Introverts Unite?

I’ve written before – quite a lot, actually, here, here, here, here, and here – about cognitive failures. I think these failures – our ability to see the truth, put simply – corrupt many of our organizations, especially on matters of hiring. We choose to hire people, for the most part, based on a faulty set of ideas. And then we live with those decisions, in a kind of confirmation-bias prison, unable to see the folly of our ways.

I proceed from well-established premises: that schools can improve; that teachers are the most important factor in establishing quality schools, and that leaders are second only to teachers in their importance. One more: hiring the right people is crucial.

The kinds of traits selected for in the hiring process appear to be just that: traits. Not skills or abilities, but personality markers; markers that the hiring teams tend to be swayed by in the way we are sometimes swayed by a clever salesman. We end up with overly gregarious types, men who are tall and possessed of a firm handshake. This is especially true of leadership positions. And when these larger-than-life types create mediocre results, we pawn it off on outside factors (“Boy, that’s a tough job – I wouldn’t want it”), and sometimes even muse “how much worse it would have been without him.”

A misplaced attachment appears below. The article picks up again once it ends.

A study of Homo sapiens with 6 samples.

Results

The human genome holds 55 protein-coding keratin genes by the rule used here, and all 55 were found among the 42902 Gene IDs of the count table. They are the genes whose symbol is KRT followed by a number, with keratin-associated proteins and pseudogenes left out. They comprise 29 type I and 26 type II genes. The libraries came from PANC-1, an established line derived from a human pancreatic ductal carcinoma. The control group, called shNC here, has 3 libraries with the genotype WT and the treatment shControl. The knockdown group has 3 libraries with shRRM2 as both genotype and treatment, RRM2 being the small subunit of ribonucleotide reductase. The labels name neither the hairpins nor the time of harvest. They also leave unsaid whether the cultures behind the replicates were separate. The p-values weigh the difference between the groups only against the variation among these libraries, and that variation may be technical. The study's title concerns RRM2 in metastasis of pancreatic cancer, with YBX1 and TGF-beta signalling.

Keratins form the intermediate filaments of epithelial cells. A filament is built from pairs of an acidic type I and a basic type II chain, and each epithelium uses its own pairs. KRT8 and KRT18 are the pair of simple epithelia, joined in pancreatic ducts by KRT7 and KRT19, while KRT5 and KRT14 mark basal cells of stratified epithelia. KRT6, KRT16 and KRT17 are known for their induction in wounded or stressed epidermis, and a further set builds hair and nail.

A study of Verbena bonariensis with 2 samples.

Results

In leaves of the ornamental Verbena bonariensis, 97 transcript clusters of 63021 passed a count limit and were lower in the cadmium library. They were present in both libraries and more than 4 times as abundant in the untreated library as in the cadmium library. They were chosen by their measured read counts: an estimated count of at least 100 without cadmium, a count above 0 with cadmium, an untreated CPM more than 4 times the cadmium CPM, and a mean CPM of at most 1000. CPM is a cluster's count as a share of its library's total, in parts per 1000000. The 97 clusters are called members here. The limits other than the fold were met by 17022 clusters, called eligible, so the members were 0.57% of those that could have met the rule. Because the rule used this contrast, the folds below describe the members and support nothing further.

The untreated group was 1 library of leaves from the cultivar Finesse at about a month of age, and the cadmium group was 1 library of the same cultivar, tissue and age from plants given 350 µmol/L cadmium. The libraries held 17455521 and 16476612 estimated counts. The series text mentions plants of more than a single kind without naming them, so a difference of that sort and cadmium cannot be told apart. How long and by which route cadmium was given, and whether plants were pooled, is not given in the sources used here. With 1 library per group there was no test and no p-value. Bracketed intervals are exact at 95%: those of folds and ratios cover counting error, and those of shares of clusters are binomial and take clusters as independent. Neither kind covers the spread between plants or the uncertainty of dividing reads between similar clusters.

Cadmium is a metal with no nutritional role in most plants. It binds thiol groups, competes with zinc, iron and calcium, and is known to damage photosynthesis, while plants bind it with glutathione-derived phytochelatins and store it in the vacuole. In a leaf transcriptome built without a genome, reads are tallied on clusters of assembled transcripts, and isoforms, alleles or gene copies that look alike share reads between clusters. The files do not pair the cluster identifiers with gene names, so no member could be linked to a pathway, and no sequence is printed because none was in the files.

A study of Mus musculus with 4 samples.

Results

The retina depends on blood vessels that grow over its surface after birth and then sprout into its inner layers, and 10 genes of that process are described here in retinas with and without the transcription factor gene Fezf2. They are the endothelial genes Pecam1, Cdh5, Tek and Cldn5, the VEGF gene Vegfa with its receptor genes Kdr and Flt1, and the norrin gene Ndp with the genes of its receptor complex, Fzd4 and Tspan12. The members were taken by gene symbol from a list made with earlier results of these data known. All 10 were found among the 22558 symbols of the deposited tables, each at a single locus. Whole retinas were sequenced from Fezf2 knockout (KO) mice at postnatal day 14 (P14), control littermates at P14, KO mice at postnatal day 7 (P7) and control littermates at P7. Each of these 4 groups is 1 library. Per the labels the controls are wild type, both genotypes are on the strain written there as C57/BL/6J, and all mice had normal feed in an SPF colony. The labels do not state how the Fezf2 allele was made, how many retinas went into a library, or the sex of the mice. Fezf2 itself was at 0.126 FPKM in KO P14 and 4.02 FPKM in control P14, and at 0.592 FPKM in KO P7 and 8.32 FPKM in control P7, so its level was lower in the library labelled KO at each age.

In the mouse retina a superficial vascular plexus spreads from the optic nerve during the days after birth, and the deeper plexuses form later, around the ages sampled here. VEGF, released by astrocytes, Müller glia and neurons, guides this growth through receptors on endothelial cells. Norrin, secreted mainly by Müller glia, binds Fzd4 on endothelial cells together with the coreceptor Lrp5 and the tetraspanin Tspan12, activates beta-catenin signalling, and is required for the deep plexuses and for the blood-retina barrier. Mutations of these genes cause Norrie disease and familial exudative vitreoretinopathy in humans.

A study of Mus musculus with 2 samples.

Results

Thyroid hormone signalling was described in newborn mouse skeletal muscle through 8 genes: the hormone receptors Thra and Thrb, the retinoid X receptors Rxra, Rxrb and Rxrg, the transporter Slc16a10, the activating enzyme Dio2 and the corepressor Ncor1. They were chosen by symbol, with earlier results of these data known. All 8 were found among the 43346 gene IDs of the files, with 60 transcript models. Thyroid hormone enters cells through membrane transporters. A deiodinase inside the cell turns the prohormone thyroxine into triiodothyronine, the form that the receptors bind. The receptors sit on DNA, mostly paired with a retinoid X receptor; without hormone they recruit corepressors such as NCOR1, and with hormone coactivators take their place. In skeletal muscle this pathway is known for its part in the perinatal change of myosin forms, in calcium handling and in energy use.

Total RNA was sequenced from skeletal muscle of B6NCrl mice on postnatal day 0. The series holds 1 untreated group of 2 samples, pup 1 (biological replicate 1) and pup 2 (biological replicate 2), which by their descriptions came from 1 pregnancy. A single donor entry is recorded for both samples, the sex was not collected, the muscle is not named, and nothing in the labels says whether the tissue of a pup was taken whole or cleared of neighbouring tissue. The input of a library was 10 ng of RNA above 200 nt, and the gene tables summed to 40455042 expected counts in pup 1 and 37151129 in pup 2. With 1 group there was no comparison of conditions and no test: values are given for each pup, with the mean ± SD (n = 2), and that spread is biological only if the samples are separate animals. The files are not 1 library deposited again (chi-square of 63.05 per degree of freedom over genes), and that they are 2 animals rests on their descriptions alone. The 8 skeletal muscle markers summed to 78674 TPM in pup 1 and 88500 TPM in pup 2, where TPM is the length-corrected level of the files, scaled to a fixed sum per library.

Enter Susan Cain. A Manhattan-corporate-lawyer-turned author, she tries to salvage the lowly introvert in the TED clip below. Like (the extroverted) Jim Collins in his wildly influential Good to Great (in his insistence that humility and will constitutes the best leadership), she points out that some of our most beloved leaders are introverts. If all we were looking for was a broad smile, firm handshake, and wonderful small talk, we would have missed out on some of the best, Abraham Lincoln included.

Also see Carla Luchetta, of TVOs The Agenda, on a similar theme.